The more we know about environmental problems, the more global solutions become. The water footprint of economic activity is closely linked to the carbon footprint, and both have an impact on the ecological footprint. The goal of reducing greenhouse gases should take hydric stress into consideration in a global approach that is essential to achieve efficiency and justice.
The “boat people” who live on board precarious vessels on Lake Manchar are discouraged about their future. Water pollution and salinization has almost stopped providing them with fish, forcing them to migrate to the mainland or towards the sea. The Floating Family, finalist in the micro-documentary category at the We Art Water Film Festival 5, recounts the precarious situation of the last fishermen who survive in Pakistan’s largest lake.
Salinization due to climate change and the reduction of sediments affect most deltas worldwide. The unsustainable management of land and water aggravates the decline of ecosystems and causes situations that must be urgently reverted. In the Mekong Delta, farmers try to survive in spite of these problems. Their daily fight has inspired the short film The Thirst for Freshwater, finalist in the micro-documentary category at the We Art Water Film Festival 5.
The listing of water rights in California on the Wall Street stock exchange has raised serious issues due to the negative influence it might have on the protection of the human right to water. It is the response of the free market to a scarce good that is subject to the ups and downs in availability and prices mainly due to the climate crisis and the increase in demand. It is a factor that opens the perspective to financial speculation and this must be avoided.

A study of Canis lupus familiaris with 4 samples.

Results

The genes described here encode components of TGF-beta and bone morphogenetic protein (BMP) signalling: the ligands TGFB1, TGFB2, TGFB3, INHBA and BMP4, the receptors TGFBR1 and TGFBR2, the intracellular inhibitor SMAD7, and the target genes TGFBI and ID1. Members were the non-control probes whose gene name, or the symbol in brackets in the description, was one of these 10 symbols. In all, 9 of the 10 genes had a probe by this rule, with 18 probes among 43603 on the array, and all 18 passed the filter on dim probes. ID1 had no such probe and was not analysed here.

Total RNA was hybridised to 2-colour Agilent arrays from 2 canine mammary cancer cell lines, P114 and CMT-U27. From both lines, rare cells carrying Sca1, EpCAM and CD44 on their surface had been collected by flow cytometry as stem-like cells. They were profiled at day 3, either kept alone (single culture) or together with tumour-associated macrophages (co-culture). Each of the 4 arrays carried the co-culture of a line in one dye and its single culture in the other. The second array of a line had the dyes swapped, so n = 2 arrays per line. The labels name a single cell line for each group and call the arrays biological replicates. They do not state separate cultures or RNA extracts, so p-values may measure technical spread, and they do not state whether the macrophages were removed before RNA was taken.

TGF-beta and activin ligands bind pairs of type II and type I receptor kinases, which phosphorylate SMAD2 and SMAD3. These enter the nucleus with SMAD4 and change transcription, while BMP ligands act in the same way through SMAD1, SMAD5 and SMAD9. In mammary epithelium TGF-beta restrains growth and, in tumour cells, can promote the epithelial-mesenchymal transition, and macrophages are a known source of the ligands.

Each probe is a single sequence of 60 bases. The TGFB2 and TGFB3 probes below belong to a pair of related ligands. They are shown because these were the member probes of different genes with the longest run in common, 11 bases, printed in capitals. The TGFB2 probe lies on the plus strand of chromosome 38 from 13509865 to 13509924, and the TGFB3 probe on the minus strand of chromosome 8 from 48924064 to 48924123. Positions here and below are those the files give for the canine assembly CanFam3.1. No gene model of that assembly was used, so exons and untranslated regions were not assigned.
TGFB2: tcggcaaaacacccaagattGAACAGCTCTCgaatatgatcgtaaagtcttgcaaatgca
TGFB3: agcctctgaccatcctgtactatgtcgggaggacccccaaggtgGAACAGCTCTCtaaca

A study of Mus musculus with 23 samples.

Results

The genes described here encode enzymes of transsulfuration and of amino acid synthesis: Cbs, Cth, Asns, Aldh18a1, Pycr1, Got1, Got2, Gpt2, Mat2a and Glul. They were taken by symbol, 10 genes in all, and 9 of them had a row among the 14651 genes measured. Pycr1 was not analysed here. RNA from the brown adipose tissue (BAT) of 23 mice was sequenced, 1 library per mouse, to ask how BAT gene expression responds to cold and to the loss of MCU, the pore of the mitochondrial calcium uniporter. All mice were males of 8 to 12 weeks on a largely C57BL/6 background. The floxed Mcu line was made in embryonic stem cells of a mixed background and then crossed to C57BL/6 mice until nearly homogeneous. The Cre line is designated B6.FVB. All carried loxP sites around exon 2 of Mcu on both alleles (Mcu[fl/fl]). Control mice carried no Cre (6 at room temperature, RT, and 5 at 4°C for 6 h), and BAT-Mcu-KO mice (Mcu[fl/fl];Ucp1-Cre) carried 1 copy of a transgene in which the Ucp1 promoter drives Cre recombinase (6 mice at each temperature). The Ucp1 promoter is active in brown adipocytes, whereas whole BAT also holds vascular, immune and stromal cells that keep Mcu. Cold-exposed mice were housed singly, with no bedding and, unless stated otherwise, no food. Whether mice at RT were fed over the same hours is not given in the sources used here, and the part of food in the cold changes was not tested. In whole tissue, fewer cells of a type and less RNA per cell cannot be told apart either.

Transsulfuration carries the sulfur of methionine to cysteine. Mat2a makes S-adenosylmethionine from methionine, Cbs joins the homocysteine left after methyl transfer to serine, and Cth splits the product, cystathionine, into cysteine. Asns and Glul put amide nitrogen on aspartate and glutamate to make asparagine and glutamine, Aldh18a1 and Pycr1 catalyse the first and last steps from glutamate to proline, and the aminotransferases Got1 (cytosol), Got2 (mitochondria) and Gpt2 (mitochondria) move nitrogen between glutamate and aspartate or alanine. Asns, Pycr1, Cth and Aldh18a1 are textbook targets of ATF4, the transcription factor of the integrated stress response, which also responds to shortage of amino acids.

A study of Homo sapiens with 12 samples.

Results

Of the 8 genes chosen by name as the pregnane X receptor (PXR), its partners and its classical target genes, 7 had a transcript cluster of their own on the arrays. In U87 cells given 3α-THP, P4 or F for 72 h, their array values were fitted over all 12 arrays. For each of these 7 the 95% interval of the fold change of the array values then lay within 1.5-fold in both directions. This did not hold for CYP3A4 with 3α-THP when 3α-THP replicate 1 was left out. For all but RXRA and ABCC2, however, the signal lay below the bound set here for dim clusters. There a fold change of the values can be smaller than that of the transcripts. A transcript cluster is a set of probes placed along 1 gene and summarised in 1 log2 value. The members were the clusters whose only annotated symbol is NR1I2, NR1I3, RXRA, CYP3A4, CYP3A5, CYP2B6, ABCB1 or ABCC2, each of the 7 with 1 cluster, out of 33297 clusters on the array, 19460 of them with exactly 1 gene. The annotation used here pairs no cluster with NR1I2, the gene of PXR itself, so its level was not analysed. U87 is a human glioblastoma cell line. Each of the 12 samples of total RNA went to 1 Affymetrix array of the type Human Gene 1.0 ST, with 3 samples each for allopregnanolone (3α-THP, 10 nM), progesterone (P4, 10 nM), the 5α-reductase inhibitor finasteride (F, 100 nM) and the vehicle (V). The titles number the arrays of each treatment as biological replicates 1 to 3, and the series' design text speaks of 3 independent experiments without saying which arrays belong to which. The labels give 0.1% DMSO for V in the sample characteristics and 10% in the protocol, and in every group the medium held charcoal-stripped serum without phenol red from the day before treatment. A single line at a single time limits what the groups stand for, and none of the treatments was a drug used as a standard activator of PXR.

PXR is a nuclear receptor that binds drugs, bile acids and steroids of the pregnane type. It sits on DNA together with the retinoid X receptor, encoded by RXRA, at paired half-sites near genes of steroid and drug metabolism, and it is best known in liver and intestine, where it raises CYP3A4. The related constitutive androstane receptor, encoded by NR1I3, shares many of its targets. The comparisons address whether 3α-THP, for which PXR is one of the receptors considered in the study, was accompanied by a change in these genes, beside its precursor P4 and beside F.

Nature is our most important asset. Not only is it the base of our economy, it is also an essential part of ourselves. If it gets sick, we all get sick. And its health has significantly deteriorated in the past few decades without traditional economy taking this into account. It is urgent to move forward so that economic advances include nature in the definition of wealth and water is a good indicator. Revising the concept of GDP is a first step.
Floods caused by violent rainfall frequently exceed the capacity of the sewage system and spill all kinds of pollutants into rivers and seas. Adapting urban sanitation systems to these phenomena is vital for the health and preservation of the environment. It is one of the challenges of the smart age in the face of an increasingly urban future. Investments must reach all for results to be sustainable.
Plastic is inherent in the lifestyle of most of the population and it is causing a disastrous environmental damage in which the duality garbage-water is at the same time cause and effect. The industry that has most changed our lifestyle is at a crossroads in which the future of the sustainability of the economy and the environment of the planet is decided.
The latest violent meteorological phenomena experienced in the western Mediterranean area force a review of the factors that define the risk of people and goods. The intensification of exposure and vulnerability is an anthropogenic factor that must be controlled in the face of the foreseeable increase in storms that science is pointing out. Beyond the fight to mitigate the effects of climate change, we have to renew our efforts to adapt to a reality that is here to stay.
Sign up to receive news about the water crisis and We Are Water projects.